Australia plans to create what it believes will be the most lethal force of fighter jets in Southeast Asia by equipping its aircraft with long-range missiles in a move critics said could antagonize neighbors.
Defense Minister Robert Hill said up to $319 million would be spent fitting out F/A-18 Hornet fighters and AP-3C Orion maritime patrol aircraft with air-to-surface missiles capable of hitting targets up to 250 miles away.
The Hornets, which have a combat flight radius of 460 miles and can be refueled in flight, are also being equipped with Advanced Short Range Air-to-Air Missiles.
“Combined with the new air-to-air missiles and upgraded precision-guided bombs, Australia’s fighter jets will have the region’s most lethal capacity for air combat and strike operations,” Hill said in a statement on Thursday.
But he said there was no chance that Australia’s missile purchase would spark an arms race in Southeast Asia.
“In the same way, as Indonesia and all our regional neighbors continue to build their capabilities, they expect Australia to do so,” Hill told reporters.
Australia will choose from three missiles produced by Lockheed Martin Corp., Taurus Systems GmbH — partly owned by Saab — and Boeing Co., introducing them between 2007 and 2009.
The three missiles are: the Joint Air-to-Surface Stand-off Missile (JASSM), which has the longest range; a variant of the precision-attack cruise missile KEPD 350; and the Stand-off Land Attack Missile Expanded Response (SLAM-ER), based on the Harpoon anti-ship missile.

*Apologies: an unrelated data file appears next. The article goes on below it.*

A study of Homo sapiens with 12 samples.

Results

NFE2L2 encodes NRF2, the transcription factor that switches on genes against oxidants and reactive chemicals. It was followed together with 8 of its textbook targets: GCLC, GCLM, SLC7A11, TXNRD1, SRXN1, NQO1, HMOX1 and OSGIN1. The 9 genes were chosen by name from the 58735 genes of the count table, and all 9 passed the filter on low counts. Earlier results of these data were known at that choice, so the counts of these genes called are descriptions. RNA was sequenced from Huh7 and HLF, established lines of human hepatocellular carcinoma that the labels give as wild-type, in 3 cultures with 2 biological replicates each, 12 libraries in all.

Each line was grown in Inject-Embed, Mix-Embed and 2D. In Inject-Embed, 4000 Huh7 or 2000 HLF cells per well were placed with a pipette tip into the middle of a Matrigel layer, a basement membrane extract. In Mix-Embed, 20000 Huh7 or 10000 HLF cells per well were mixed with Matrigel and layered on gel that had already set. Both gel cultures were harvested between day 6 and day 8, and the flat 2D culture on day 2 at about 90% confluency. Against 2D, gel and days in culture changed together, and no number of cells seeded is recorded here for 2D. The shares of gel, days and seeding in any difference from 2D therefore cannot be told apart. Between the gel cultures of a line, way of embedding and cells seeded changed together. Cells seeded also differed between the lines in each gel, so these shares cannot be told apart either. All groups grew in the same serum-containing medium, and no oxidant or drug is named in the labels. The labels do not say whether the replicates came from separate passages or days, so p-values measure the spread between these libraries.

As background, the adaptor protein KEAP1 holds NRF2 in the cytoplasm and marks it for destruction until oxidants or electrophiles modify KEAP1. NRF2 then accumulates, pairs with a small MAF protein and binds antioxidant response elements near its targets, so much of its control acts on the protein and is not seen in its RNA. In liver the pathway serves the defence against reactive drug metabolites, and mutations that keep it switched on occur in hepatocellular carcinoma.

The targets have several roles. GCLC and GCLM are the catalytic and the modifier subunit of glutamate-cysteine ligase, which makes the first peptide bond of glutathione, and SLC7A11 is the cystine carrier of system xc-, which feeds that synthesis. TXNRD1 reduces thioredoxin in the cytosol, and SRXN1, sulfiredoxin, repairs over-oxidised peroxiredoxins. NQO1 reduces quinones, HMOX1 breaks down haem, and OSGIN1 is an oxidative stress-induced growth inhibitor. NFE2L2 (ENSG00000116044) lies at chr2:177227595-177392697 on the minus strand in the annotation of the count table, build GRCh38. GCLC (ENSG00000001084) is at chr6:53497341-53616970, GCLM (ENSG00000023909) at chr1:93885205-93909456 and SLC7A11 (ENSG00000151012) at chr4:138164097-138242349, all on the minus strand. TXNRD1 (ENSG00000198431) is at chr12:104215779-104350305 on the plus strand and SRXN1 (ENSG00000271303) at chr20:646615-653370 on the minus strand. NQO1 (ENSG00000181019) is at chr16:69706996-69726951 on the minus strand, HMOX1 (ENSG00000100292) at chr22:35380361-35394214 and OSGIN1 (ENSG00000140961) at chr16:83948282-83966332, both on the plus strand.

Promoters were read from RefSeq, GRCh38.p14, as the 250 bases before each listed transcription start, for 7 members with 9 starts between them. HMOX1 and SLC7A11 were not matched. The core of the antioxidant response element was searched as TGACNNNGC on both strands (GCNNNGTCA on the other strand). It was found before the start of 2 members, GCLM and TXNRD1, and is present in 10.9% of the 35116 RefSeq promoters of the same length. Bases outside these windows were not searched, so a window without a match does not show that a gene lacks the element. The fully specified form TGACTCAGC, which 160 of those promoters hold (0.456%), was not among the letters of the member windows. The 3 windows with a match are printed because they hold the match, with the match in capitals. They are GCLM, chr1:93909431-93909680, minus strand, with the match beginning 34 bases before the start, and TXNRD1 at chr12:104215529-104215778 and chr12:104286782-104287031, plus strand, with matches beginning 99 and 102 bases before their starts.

Opposition Labor defense spokesman Kim Beazley said the government risked upsetting Australia’s Southeast Asian neighbors — already wary about the country’s close alliance with the United States — with its planned missile purchase.
“The unfortunate thing is that it brings this into play at a time when there is regional disagreement with our endorsing of national missile defense,” Beazley told Australian radio.
Last month Australia pledged to work with the United States on a controversial “Son of Star Wars” program, which will research a costly system to shoot down ballistic missiles, and to establish joint defense training centers in northern Australia.
The United States is Australia’s most important military partner and the 53-year-old alliance has tightened since the Sept. 11, 2001, attacks on U.S. cities and the Bali bombings in October 2002 that killed 202 people, including 88 Australians.
This relationship has seen Canberra being viewed by some Asian nations as Washington’s “deputy sheriff” in the region.
Defense analysts played down the chances that Australia’s long-range missiles would create tensions in Southeast Asia.
Analyst Aldo Borgu said the upgrading of the Hornets would fill a gap between Australia retiring its aging F-111 fighters from 2010 and bringing a replacement on line.
“The Hornets with this missile…will still only be able to reach, at best, three quarters of the range of an F-111, so we’re not talking about new capability overall,” Borgu told Reuters.
Australia’s deployment of the F-111s, with their long reach and large weapons load, proved controversial. Its purchase of an extra batch of them in the 1990s led Indonesia to question the country’s commitment to security cooperation.
Australia is part of the U.S.-led F-35 Joint Strike Fighter project to develop a new-generation combat jet, which is likely to replace the F-111s. The development phase of the F-35 is not due to be completed until 2013.